Published on November 29th, 2012 | by The Town Crier0
Prosit Neujahr from Berlin
Back in the mid Eighties I spent a year inGermanyas part of my degree and got to know some Germans who remain close friends to this day. It was these friends who introduced me to the delights ofBerlin.Berlinis a brilliant town to visit at any time of the year, but at the New Year it really pulls out all the stops. When I first went there it was still a divided city with a certain seedy glamour, home to spies, soldiers and ebullient Berliners. I was there in 1989 when the wall came down and all of Berlin went and danced on top of it, belting chunks out of the concrete with anything that came to hand. Since then I’ve been back several times, most recently a couple of years ago, and watched as the city was reunited into a young, thriving and cosmopolitan metropolis.
It’s easiest to fly to Berlin and you still land at Berlin Tegel which was the hub of the airlift that kept the city alive in 1949. The easiest way to get into town is still the bus as the nearest S Bahn station is a 5 minute ride from the airport. Last time I was there it was unbelievably cold, butBerlinusually is in the winter – top tip: take a big coat, boots and plenty of warm clothes. I normally stay just off the Alexanderplatz in the City West district. They built tons of hotels in Berlin after reunification so they’re very cheap; a double room in a 3 star hotel will set you back 50 Euros a night.
There are lots of museums, palaces and other cultural attractions to see in Berlin but I’m always drawn to the history of when the city was divided down the middle by a “death strip” of concrete, barbed wire and minefields. Most of the wall has gone now to make way for new development but there’s still a stretch by the canal. You can also visit the Berlin Wall Memorial, a huge blank monolith dedicated to the “victims of communist violence.” I like to wander round the Mitte district, literally the centre, which is where the German government lives now. Most of it was in the East before reunification and twenty years ago it was a bleak expanse of concrete interrupted by the occasional statue and puttering Trabant. Now it is a mass of buildings, modern art and people. As I walk I fortify myself with an occasional Currywurtz, the Berlin national dish, or pop into a bar for a cold beer and some warmth.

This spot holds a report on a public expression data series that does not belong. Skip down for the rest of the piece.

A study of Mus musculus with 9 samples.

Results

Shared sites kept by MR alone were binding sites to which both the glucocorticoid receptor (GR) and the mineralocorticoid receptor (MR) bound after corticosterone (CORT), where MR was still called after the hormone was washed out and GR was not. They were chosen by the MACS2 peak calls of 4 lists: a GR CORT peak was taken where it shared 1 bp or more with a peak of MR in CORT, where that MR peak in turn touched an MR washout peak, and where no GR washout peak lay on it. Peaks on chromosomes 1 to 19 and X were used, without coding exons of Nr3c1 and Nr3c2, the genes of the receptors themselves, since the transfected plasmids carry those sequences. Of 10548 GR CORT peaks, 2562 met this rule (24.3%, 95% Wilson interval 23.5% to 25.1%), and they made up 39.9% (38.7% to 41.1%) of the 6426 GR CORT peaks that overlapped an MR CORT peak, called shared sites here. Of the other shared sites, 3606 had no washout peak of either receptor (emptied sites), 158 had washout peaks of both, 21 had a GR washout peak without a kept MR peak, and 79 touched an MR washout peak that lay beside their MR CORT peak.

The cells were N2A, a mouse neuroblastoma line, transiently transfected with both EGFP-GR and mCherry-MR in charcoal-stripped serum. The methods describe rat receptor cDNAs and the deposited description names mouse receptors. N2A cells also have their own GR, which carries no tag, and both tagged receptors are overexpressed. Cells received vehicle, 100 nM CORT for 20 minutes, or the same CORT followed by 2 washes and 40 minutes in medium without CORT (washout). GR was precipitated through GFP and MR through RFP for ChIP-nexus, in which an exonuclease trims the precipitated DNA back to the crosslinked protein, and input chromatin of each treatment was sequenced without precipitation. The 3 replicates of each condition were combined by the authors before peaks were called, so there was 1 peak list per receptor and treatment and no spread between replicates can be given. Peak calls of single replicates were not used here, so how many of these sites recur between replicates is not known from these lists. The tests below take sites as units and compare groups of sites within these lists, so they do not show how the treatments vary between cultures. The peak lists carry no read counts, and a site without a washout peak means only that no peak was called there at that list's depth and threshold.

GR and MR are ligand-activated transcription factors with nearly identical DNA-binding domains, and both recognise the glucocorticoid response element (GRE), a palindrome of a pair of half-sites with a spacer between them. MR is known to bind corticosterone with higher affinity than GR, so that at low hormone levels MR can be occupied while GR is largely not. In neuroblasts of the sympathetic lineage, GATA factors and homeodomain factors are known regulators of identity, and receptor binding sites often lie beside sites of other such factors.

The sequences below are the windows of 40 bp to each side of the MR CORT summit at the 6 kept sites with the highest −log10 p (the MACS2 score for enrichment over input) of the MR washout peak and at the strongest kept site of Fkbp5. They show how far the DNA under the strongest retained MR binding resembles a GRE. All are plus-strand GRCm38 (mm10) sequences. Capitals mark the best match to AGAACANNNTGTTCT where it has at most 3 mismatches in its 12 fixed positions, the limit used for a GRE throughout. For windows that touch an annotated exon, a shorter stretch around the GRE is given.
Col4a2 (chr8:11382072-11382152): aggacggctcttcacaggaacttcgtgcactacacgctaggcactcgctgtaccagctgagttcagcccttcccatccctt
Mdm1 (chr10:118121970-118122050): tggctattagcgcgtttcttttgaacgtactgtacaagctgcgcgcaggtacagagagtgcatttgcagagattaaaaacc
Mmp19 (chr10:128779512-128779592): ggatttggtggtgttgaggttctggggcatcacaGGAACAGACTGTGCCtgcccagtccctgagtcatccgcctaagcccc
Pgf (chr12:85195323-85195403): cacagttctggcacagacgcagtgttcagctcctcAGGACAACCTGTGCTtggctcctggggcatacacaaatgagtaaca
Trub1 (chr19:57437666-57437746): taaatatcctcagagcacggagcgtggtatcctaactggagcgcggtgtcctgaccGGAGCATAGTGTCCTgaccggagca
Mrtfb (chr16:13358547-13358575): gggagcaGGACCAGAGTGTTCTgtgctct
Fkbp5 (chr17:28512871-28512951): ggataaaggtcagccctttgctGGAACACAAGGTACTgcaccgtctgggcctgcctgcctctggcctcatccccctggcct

For shoppers the Ku’Damm is an essential destination, especially KaDeWe which is Berlin’s answer to Harrods – the massive food hall has to be seen to be believed. Over on the East side Friedrichstrasse is a mega trendy shopping district; in the 80s it was the home of the Stasi secret police! Sometimes there is an uneasy truce between the former inhabitants of West Berlin (Wessies) and those from the East (Ossies). You can even buy tee shirts with slogans insulting members of the other side.
On New Year’s Eve these rivalries are forgotten about. We start off in a restaurant in Schőneberg that I have been visiting for 25 years for the best rib of beef on this side of the Atlantic. (Booking is essential in any restaurant). Then we take the U Bahn over to Warschauer Strasser which has masses of bars; on New Year’s Eve it’s just one big party with everyone dressed up, plastered and having the time of their lives. When midnight strikes everyone rushes out onto the streets, boxes of fireworks appear from nowhere and the most chaotic and dangerous firework display in the world takes place. Then everyone heads back into the bars and the party carries on until dawn.
I suppose what I like most about Berlin is that it makes me feel young again. I’ve already booked my visit for the end of 2012 and I can’t wait. In Germany they have several ways of saying Happy New Year but my favourite is Prosit Neujahr!